Thousands Protest Anniversary of Iraq War
March 29, 2007 3:07 AM
Roughly 3,000 protesters turned out Sunday in downtown San Francisco to march and call for the end to American occupation of Iraq in an event staged to mark the fourth anniversary of the start of America’s invasion of Iraq.
Although the protest was organized by Act Now to Stop the War and End Racism (A.N.S.W.E.R. Coalition), which has an extremely large member population, SF State’s slightly smaller student organization, still made it their responsibility to participate in the march.
The student organization, Students Against War, (SAW) is a chapter of the Campus Antiwar network.
“ANSWER Coalition does the main marches,” said Michael Hoffman, 26-year-old math major at SF State, “But SAW still participates.”
Hoffman, who is one of the many officers in SAW and helps to organize protests and rallies, said several schools would be participating in the march to the Civic Center.
While the march was set to go from the Embarcadero to the Civic Center downtown, the students of SAW made sure they stayed a unit and had different meeting places, according to Hoffman.
One student, Emily Cooper, 20, was there with her mother, Jennifer Cooper.
“I’ve been through the big time protests in the 70s,” said Jennifer Cooper, who came from Redwood City to support her daughter and participate in the anti-war rally.
Jennifer Cooper noted the strong differences between today’s protests and those of the Vietnam War era.
“Back then we relied completely on word of mouth,” she said. “We had no cell phones or internet.”
Cooper noted that even with those advances, the numbers in the streets don’t seem to match up to what they were in the 70s.
“We’re not as vocal as we could be,” she said, “We need to be more vocal. We need more people power.”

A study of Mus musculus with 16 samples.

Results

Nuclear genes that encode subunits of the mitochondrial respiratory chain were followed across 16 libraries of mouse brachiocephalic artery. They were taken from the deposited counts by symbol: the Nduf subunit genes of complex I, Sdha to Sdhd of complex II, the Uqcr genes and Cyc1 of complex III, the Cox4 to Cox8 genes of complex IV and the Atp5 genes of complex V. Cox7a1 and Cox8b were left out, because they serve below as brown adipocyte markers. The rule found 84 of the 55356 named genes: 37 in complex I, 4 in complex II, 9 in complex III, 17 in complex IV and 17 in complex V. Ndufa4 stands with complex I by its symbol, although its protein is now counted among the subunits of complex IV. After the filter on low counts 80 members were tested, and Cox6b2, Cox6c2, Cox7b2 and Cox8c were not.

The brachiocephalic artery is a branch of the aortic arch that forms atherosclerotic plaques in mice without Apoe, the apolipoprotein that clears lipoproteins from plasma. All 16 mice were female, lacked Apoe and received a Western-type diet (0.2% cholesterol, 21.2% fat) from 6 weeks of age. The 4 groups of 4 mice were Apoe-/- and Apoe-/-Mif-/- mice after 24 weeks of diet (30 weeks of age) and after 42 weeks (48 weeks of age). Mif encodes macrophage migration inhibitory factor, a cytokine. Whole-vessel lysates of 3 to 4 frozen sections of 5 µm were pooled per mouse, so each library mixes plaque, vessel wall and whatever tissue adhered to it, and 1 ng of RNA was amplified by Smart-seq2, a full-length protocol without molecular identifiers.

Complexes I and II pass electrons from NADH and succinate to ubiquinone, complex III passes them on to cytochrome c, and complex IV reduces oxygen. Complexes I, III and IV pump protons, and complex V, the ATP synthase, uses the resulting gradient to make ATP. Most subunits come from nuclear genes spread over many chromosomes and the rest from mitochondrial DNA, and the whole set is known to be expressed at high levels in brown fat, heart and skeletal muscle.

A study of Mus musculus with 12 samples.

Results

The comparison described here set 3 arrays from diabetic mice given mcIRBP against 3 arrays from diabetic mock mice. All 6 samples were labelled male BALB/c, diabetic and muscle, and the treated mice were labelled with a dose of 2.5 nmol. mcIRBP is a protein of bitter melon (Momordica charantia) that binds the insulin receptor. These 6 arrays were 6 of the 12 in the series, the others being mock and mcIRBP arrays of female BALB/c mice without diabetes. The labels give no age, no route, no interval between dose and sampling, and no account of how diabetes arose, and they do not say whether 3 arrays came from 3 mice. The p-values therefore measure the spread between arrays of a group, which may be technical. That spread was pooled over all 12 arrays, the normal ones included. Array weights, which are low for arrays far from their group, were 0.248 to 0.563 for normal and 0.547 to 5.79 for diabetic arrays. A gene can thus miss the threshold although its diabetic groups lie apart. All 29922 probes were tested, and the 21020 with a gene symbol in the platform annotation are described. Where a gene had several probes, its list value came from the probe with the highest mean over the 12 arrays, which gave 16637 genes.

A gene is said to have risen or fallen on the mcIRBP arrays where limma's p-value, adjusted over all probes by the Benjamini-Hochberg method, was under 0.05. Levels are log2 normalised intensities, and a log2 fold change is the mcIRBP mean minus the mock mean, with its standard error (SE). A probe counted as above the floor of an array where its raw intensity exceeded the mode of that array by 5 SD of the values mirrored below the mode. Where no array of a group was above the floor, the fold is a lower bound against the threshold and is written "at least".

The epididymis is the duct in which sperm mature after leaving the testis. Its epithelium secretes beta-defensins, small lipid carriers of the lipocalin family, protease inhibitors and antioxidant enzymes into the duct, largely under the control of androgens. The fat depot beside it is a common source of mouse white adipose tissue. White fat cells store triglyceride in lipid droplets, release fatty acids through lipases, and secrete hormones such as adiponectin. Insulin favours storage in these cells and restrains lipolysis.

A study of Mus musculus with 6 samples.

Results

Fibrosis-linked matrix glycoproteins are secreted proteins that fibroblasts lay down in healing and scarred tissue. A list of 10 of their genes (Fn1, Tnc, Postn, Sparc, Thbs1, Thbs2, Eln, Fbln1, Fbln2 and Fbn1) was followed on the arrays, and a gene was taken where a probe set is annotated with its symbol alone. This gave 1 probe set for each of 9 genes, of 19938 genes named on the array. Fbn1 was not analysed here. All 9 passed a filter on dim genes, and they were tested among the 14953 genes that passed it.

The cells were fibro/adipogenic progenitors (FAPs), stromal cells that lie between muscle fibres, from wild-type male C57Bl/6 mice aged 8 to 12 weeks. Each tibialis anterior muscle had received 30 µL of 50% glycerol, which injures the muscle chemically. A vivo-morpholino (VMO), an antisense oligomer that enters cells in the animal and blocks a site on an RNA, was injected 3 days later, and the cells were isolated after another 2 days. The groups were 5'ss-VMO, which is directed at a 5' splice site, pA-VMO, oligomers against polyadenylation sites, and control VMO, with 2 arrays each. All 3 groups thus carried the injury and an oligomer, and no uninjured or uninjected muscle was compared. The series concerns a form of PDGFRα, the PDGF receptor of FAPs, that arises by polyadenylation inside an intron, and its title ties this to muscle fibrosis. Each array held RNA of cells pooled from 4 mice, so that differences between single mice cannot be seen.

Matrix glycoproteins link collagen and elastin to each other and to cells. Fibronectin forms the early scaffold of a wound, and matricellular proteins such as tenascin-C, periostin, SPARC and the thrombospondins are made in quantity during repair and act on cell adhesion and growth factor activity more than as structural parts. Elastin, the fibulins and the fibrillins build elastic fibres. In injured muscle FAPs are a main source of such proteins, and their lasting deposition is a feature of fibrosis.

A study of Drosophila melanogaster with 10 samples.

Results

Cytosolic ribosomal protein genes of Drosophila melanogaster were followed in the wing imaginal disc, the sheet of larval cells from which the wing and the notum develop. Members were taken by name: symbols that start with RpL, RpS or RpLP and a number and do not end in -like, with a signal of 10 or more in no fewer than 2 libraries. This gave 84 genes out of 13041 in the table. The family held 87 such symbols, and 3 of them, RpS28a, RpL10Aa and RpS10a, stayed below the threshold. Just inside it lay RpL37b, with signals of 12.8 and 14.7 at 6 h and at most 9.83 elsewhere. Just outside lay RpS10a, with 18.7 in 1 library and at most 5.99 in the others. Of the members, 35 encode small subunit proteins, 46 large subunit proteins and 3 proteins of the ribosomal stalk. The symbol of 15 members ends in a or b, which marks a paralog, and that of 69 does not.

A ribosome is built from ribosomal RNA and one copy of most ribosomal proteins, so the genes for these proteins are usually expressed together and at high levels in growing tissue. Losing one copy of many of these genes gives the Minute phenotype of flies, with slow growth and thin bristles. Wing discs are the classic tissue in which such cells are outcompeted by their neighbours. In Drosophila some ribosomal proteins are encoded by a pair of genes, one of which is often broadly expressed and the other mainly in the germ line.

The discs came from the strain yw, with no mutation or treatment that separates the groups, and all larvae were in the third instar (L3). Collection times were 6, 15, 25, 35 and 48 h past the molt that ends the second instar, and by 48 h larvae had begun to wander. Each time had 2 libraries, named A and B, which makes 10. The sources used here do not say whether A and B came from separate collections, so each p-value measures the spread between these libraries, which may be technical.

The SAW students, who gathered at 10a.m. at the corner of 19th and Holloway, grew in numbers close to thirty, before hopping the M-line downtown.
The students were armed with signs that displayed messages such as, “I pledge allegiance to the earth,” “Peace in the Middle East,” and “Money for jobs and education not war or occupation.”
They then gathered on the Muni platform as it pulled in to the station and began to chant, “Four years of occupation, not one day of liberation,” and boarded the train to head downtown and join the rest of the masses marching for a united purpose of ending the War in Iraq.
Throughout the march, protesters chanted “money for jobs and education, not for war and occupation!”
Various community and ethnic organizations joined the ANSWER and SAW groups in the rally.
About 30 members from the Gabriela Network, a U.S Filipino women's solidarity organization, marched protesting against the injustice that women and children suffer in war, said Amanda Martin, media spokesperson for the Gabriela Network in SF Bay Area.
“We are here today organizing the women’s contingent for the march, and to represent women’s voices in the United States,” Martin said.
“Our kids, our family members, our brothers and sisters are sent to war, to an unfair war, and we must say that's enough to the aggressions to other countries,” said Jose Carlos, coalition coordinator for Coalition Primero de Mayo, a non-profit organization representing immigrants rights that also participated in the march.
“The war is taking funds away from education here at home," said Davis Russitano, 27, educator at Gloria R. Davis School in the Bayview District. "My school, for example, is closing this year, and it is because they would rather spend money on bombs and guns instead of on education.”